Until quite recently, we all thought that the MVP contest was going to be a two-horse race. For NBA pundits and fans everywhere, the choice was clear: it was going to be either James Harden or Russell Westbrook, two triple-double machines having career-defining seasons. Few people thought Kawhi Leonard leapfrog both those names.
Kawhi seems to follow a very particular San Antonio Spurs tradition: going unnoticed, even when you’e playing really, really well. The Spurs are, after all, just 2 games behind the Golden State Warriors right now. They’ve stormed into the Playoffs for the 20th consecutive year, and still have a legitimate shot at the West’s top seed. Leading the way for them, Kawhi has made his way into a few conversations. For the most part, it was just a formality; he was there with LeBron, Durant, and Isaiah for the purposes of filling up a list. Until this week, however.
The Sequence Of The Year
With possibly the biggest set of plays by a single player in the whole season, Kawhi punctuated a Spurs win over Harden’s Rockets. And what he did is something that can only be defined as “MVP-worthy”:
That’s a clutch 3-pointer, followed by a chase down block, and tied together with a game-sealing rebound. Three game winning moves, all in about fifteen seconds.
In case we’ve forgotten, Kawhi Leonard has learned from the best of the best. In a previous Tripped Media article, we already discussed how he’s already become “the new Tim Duncan”. Even his demeanor after his fantastic sequence was Duncan-like. He headed to his huddle, refusing to leap for joy, play up to the crowd, or show snark. He kept a straight face, ready to play on. The game wasn’t over.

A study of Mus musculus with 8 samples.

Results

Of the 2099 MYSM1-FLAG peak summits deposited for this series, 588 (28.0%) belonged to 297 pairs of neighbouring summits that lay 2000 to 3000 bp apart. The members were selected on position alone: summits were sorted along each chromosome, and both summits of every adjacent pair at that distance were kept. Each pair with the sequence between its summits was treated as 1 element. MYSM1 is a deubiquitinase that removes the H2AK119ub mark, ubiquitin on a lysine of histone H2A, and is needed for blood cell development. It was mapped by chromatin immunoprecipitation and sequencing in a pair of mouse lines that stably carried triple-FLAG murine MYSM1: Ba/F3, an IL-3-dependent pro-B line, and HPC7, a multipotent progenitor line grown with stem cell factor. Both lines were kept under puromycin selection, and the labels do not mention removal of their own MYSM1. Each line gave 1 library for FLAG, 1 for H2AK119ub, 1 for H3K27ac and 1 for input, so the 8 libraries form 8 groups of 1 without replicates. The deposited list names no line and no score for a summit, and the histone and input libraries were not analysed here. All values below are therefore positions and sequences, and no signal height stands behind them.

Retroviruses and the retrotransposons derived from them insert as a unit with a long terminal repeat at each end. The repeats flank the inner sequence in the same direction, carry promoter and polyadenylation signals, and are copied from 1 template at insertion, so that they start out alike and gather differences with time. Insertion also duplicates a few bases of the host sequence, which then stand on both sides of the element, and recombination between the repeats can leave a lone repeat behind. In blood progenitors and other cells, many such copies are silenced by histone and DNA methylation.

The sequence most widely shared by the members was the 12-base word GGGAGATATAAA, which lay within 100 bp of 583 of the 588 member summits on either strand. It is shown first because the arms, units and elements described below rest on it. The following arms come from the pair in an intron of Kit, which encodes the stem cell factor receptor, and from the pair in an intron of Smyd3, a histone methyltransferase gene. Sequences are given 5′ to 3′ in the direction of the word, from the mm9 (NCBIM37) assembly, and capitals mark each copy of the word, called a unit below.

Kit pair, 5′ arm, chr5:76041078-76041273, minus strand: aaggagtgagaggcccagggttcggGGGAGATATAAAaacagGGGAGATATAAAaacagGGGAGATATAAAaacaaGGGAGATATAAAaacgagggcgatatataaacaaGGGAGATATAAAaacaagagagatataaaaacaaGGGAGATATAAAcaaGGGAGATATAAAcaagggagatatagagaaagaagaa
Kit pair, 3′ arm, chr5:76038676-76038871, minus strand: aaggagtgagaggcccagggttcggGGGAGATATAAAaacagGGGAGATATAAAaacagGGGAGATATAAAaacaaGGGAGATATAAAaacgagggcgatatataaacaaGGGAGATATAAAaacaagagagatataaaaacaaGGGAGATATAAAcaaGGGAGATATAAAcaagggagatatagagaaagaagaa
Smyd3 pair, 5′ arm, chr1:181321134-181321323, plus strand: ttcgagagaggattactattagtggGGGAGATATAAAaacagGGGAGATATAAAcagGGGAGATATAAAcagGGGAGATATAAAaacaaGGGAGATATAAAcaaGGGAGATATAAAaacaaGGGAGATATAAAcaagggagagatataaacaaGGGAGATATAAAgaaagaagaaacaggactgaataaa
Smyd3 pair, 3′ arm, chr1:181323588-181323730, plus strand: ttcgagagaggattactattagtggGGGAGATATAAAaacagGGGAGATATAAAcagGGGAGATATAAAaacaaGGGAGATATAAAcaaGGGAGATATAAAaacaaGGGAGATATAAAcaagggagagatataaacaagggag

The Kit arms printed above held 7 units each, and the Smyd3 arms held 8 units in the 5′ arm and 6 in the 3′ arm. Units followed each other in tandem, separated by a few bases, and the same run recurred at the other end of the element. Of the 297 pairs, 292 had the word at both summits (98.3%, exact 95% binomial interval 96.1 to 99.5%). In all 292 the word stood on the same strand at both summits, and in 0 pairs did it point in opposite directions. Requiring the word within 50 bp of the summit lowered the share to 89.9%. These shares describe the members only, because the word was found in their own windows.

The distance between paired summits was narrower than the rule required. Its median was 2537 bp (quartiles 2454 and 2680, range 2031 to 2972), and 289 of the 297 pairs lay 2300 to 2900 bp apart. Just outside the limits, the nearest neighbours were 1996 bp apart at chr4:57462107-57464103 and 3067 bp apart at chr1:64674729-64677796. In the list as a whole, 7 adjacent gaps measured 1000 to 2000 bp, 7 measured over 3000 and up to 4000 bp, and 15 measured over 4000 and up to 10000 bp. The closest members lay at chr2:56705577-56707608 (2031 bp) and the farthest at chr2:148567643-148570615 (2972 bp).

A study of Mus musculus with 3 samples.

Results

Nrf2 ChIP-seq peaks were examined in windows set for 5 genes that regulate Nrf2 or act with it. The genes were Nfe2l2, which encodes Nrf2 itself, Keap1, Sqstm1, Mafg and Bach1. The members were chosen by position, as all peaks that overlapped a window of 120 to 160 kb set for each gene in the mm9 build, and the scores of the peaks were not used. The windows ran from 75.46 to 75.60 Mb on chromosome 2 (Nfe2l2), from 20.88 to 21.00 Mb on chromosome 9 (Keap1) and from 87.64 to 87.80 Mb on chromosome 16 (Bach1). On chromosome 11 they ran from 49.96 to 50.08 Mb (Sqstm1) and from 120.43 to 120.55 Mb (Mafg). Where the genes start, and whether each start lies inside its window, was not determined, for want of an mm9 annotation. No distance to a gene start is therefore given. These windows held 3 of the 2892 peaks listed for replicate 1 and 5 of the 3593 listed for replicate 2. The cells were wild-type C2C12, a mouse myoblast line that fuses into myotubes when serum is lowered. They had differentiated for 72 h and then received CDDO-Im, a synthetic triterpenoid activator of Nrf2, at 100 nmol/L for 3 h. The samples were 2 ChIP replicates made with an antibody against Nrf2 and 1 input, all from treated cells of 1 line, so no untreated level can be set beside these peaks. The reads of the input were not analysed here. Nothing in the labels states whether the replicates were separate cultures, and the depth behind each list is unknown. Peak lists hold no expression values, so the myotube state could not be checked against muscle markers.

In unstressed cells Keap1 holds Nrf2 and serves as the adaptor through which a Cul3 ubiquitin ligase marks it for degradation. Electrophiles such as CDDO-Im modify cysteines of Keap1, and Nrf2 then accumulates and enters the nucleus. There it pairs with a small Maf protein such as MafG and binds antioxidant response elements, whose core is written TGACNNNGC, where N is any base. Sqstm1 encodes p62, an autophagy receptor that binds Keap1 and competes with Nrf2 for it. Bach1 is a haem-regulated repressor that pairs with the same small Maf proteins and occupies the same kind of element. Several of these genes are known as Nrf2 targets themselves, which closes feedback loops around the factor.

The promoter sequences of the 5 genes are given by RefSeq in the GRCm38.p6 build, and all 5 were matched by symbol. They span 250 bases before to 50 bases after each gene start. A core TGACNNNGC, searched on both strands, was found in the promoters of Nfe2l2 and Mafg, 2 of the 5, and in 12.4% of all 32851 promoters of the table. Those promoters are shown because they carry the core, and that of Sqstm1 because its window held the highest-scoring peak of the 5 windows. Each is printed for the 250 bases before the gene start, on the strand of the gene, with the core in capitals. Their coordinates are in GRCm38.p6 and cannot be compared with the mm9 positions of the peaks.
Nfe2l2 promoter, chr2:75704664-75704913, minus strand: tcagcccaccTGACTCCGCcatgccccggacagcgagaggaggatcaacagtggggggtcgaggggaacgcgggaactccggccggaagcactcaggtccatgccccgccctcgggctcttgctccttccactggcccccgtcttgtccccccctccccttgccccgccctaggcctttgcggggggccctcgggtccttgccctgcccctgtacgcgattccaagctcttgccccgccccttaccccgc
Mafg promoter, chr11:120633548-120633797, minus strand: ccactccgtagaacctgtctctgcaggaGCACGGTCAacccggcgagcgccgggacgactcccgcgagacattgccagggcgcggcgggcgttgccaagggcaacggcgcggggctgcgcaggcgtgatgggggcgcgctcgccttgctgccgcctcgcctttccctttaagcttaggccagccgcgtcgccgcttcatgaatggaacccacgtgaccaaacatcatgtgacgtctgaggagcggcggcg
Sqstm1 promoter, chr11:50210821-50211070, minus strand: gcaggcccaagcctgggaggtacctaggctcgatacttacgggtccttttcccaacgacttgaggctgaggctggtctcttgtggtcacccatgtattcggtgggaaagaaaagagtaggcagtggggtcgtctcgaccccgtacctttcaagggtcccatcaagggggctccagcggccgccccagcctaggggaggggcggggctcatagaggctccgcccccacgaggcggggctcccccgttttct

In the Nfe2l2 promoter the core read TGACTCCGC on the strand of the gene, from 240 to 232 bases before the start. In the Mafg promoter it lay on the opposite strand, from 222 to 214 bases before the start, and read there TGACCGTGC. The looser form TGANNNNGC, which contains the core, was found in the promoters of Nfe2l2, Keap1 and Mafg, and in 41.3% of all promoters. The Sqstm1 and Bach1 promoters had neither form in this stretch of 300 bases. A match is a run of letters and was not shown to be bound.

It’s not unusual for Kawhi Leonard to play really well; as of this time, he’s averaging 26.3 points per game, 6.0 rebounds, and 3.4 assists. He remains arguably the best two-way player on the court not named LeBron James. His past accolades aren’t anything to shy away from, either; lest we forget, he’s a 2-time Defensive Player of the Year, and the 2014 Finals MVP. By the way, he’s just 25.
No Drama, No MVP?
As shared by Pounding The Rock, perhaps one of the reasons Kawhi is being snubbed from the MVP race is the lack of a narrative surrounding him. It’s another age-old San Antonio Spurs tradition he exemplifies; the total lack of drama in his team. He’s not a one-man wrecking crew who chose to stay in OKC after Durant left, like Westbrook. Nor is he a Kardashian-free man surprising the league with 50-point games like Harden. He’s just good ol’ Kawhi Leonard.
In a way, though, that could be his unique selling point in the race. For all we know, Kawhi could still win the MVP – he’s deserving too, after all. But if he does, it will be purely because of what he does on the court, and nothing else. He’s a Spur. He’s a product of the Poppovich system. That’s just how he’d like it.